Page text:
New Facebook ads cross lines

There are a bunch of areas where pure-play advertising and content publishing programs are going to both be impacted by the new ad units unveiled by Facebook last week, no more so than in the “Page Post” unit. That product allows an advertiser to take a brand’s update – perhaps one that contains a link to a blog post, a product sale page or some other bit of information – and gives it additional exposure by running that update as an ad, both in the sidebar and in people’s news feeds.

That directly takes the product of one program – the publishing side of things, which may or may not be run or overseen by a department other than advertising – and makes it subject to that advertising department’s control or influence.

On the one hand that’s fine. All communications-oriented departments should be working in concert and toward similar (if not always exactly the same) goals with their programs.

On the other, if the publishing program is being run outside the purview of the advertising folks, this sort of crossover has the potential to bring in influences to that publishing program that aren’t in line with the goals that have been laid out.

While anything that adds to the distribution of a publishing program’s messages certainly shouldn’t be dismissed out of hand, it’s also important to remember that the tactics of that publishing program shouldn’t be turned on their heads to that updates or posts become more attractive ads. The two have very different ways of speaking to their audience and it can be, to quote one of the greatest films of all time, dangerous to cross the streams.

Again, it’s super-important for all these departments and agencies to be on the same page. But when program responsibilities start overlapping it can be equally important for everyone to know exactly where their sandbox ends and someone else’s begins.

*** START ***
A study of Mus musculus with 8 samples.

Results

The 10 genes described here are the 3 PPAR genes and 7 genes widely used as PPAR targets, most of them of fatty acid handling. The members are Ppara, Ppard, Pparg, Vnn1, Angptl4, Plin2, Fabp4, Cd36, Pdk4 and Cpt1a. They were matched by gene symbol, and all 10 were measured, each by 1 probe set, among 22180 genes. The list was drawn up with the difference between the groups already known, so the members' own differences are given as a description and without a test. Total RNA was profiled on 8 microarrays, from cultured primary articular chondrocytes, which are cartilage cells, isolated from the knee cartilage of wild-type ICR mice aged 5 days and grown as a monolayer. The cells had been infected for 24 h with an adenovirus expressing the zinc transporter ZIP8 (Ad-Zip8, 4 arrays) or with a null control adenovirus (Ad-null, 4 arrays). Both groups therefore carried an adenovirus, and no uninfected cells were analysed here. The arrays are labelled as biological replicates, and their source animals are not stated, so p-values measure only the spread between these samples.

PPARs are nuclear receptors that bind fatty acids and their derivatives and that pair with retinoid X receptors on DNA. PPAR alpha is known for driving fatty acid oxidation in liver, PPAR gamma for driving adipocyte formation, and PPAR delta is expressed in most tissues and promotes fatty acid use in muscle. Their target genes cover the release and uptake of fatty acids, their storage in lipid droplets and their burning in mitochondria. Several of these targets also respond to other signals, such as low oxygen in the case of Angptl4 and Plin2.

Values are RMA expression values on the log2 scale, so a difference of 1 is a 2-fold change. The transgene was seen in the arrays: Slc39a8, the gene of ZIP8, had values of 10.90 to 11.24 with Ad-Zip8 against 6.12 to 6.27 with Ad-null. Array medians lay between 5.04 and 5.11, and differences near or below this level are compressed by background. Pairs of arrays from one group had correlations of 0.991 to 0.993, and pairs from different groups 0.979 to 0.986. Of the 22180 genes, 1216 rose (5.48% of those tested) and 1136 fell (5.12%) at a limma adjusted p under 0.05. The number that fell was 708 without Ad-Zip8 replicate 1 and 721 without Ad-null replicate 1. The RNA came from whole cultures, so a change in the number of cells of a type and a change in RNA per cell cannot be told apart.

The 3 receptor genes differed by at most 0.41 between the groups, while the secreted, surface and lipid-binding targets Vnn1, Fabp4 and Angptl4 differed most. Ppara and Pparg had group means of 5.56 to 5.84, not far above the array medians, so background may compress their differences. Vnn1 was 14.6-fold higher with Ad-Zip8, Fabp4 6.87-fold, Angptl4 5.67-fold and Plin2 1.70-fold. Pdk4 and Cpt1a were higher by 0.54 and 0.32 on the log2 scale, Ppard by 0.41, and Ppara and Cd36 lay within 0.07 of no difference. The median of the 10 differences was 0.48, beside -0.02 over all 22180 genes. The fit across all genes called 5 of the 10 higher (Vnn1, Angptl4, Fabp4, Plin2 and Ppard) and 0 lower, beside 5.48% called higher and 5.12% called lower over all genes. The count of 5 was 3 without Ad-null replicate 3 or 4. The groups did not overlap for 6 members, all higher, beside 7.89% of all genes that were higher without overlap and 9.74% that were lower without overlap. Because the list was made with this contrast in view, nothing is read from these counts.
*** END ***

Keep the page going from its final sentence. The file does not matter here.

Social Takes Work

The other day a ton of people were tweeting out links to an AdAge story about the “Social Bowl,” or the ancillary efforts being engaged in by marketers to amplify the reach of their Super Bowl commercials on social media channels. Doing so has the potential to bring more eyeballs to those commercials while increasing the return on investment of those spots.

A story that didn’t get as much play (at least not that I saw) but which pairs nicely with the first one is an op-ed from MediaPost on how brands are beating down the doors of advertising shops looking for “social strategies” when in reality what they’re looking for is just a Facebook page.

For too many people social media continues to be a numbers game, with parties racing to get to X number of fans without any idea of how to interact with those fans once their there. There are all sorts of tactics that will boost numbers – one of the most popular is to require people Like the page before they can view certain content or get certain deals – but the real work comes in maintaining the conversation and relationship *after* those fans, friends or followers have signed on.